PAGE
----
Private Matters: Google’s New Policy & Facebook’s Forced Timeline

This week on the Aaron Rand Show we discussed two interesting changes in our online world. First we have Google replacing the privacy policy used to manage the information we offer up to the company when we use their services and second, Facebook has announced that all of their users will have to adopt their new Timeline feature in the coming weeks, no choice about it. Here’s a quick summary of my reaction to both.

Google’s New Privacy Policy

A reminder that Google is no longer just a search engine, but now a multitude of services and products. Rather than have a privacy policy for each individual service, they’ve unified them under one umbrella policy.

The Good:

This forces their privacy policy to be minimal in nature and very simple to understand and monitor for changes. This is exactly what we as consumers want and have been demanding. Hopefully other tech giants will do the same.

Even the most rabid and paranoid of privacy groups cannot find any worrisome changes in the new documents. There’s no evidence that Google has tried to slip something through, they’re not collecting any new information about us or taking away any new control.

The Bad:

There’s suspicion that the change may allow Google to use the existing information they gather on us to create a more detailed profile to their advertisers so they can more accurately market to us. Google’s point, and it matches my thoughts, is that this is something they were already doing before.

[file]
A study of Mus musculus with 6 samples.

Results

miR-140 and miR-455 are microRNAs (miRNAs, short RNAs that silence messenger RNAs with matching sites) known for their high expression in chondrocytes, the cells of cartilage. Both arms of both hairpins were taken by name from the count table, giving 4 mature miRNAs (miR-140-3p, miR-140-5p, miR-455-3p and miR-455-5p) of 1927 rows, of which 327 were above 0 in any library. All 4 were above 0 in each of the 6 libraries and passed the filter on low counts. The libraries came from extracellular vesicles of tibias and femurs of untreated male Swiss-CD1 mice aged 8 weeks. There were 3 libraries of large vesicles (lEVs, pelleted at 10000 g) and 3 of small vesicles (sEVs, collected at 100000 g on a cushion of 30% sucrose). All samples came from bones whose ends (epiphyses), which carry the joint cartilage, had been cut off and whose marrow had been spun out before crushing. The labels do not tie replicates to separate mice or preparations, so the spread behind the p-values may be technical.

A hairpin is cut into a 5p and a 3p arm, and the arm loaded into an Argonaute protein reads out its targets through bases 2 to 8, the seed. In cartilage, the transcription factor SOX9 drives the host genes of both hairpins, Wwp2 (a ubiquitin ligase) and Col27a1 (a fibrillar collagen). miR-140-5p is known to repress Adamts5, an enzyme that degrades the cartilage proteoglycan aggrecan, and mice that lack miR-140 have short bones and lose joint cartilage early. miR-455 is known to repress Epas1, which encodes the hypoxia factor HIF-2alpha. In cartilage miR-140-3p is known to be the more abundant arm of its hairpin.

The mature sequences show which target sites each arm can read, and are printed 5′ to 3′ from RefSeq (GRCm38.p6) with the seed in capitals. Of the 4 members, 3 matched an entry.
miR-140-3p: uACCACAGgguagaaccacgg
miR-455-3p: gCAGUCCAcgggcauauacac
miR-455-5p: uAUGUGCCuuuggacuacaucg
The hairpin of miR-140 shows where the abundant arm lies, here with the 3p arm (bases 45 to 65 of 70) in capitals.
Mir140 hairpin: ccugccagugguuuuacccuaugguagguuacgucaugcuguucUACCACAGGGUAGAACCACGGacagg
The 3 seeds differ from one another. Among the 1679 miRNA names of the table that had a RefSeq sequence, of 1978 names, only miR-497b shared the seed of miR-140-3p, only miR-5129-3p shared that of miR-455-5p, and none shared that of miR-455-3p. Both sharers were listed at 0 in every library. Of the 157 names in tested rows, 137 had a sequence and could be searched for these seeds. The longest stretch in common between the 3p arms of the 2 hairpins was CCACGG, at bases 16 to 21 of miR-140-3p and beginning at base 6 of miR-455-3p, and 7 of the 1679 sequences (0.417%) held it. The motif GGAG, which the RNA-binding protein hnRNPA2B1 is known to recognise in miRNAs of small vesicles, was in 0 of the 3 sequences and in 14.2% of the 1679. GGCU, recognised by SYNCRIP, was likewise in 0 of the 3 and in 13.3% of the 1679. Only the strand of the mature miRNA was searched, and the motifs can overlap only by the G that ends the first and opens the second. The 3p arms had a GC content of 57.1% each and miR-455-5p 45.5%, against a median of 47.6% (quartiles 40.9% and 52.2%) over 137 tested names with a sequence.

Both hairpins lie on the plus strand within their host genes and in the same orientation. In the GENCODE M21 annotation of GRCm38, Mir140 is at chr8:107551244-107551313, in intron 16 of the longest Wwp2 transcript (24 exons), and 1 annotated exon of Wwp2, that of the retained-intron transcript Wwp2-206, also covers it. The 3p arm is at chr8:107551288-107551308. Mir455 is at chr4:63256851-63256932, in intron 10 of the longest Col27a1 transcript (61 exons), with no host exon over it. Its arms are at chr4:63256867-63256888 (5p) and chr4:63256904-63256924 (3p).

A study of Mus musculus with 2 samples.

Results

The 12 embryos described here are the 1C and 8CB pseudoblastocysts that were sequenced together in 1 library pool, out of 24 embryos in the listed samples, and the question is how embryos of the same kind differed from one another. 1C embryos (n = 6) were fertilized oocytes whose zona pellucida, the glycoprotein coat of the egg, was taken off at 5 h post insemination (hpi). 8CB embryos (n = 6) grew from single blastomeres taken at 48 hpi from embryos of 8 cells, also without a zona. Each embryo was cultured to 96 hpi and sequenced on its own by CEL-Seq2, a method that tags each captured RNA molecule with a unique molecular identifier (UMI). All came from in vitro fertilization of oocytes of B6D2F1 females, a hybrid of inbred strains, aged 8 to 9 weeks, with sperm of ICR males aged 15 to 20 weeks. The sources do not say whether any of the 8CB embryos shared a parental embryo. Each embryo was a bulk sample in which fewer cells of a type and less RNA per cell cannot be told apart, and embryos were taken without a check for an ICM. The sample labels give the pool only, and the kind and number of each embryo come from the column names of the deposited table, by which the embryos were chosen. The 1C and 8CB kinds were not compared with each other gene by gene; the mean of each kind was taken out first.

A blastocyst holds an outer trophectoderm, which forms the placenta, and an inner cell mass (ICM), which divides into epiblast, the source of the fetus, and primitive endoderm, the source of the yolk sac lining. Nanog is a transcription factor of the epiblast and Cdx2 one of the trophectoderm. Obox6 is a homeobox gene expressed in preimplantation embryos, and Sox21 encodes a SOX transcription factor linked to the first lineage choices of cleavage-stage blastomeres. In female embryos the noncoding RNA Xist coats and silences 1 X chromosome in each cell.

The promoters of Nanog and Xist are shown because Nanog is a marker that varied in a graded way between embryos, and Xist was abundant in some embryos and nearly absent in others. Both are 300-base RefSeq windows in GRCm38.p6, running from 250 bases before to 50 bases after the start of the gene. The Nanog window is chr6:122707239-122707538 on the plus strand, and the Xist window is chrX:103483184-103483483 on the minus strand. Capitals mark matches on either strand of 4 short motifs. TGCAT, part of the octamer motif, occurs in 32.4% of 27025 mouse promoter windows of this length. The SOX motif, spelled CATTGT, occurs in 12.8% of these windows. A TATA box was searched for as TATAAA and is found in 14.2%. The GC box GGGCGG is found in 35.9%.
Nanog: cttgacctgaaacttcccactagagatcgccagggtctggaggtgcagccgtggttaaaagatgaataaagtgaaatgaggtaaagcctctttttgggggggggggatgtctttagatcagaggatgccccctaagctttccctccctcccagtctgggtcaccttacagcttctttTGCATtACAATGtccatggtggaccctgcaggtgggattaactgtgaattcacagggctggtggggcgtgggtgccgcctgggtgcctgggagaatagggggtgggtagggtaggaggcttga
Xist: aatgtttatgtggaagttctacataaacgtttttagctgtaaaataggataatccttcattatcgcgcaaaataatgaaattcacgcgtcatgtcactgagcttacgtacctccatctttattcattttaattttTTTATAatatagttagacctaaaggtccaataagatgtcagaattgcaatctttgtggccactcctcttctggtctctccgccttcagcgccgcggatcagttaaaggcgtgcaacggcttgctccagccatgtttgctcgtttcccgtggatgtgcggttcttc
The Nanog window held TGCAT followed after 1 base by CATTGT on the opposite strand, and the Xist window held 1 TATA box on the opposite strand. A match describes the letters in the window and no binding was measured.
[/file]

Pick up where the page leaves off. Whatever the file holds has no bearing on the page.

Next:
Conclusion:

For now there’s no tangible reason to be worried about Google’s privacy changes.

Facebook Timeline

Up until now it’s been Your Story, Your Way, with new Facebook features and apps traditionally being offered as optional. So why the sudden strong-arm tactic for Timeline when it appears to be just an esthetic change?

The Good:

Timeline does not change your privacy settings or make your information any easier to find. It simply makes it easier to view a photo or comment in relation to others. You’ll have seven days to play with Timeline before it goes public, allowing you to delete, turn off, or change anything you don’t like.

The Bad

For many Facebook is merely a place to connect with friends and family. With Timeline it’s becoming your biography too, which may not be what you were looking for.

By organizing your content chronologically, Facebook can now more efficiently connect your profile to the services of it’s partners. Every album has a release date, every movie rental a due date, every deal a limited time offer. With new apps made for Timeline, Facebook will be in a better position to connect your calendar to those of companies wanting to sell you something.

This is the sinister reason why a company whose rhetoric has been one of giving you complete control has suddenly decided to force you into a change you didn’t ask for.

Conclusion:

Timeline suits Facebook’s needs more than those of users. You may want to take your seven days to lower your dependancy of the Social Network.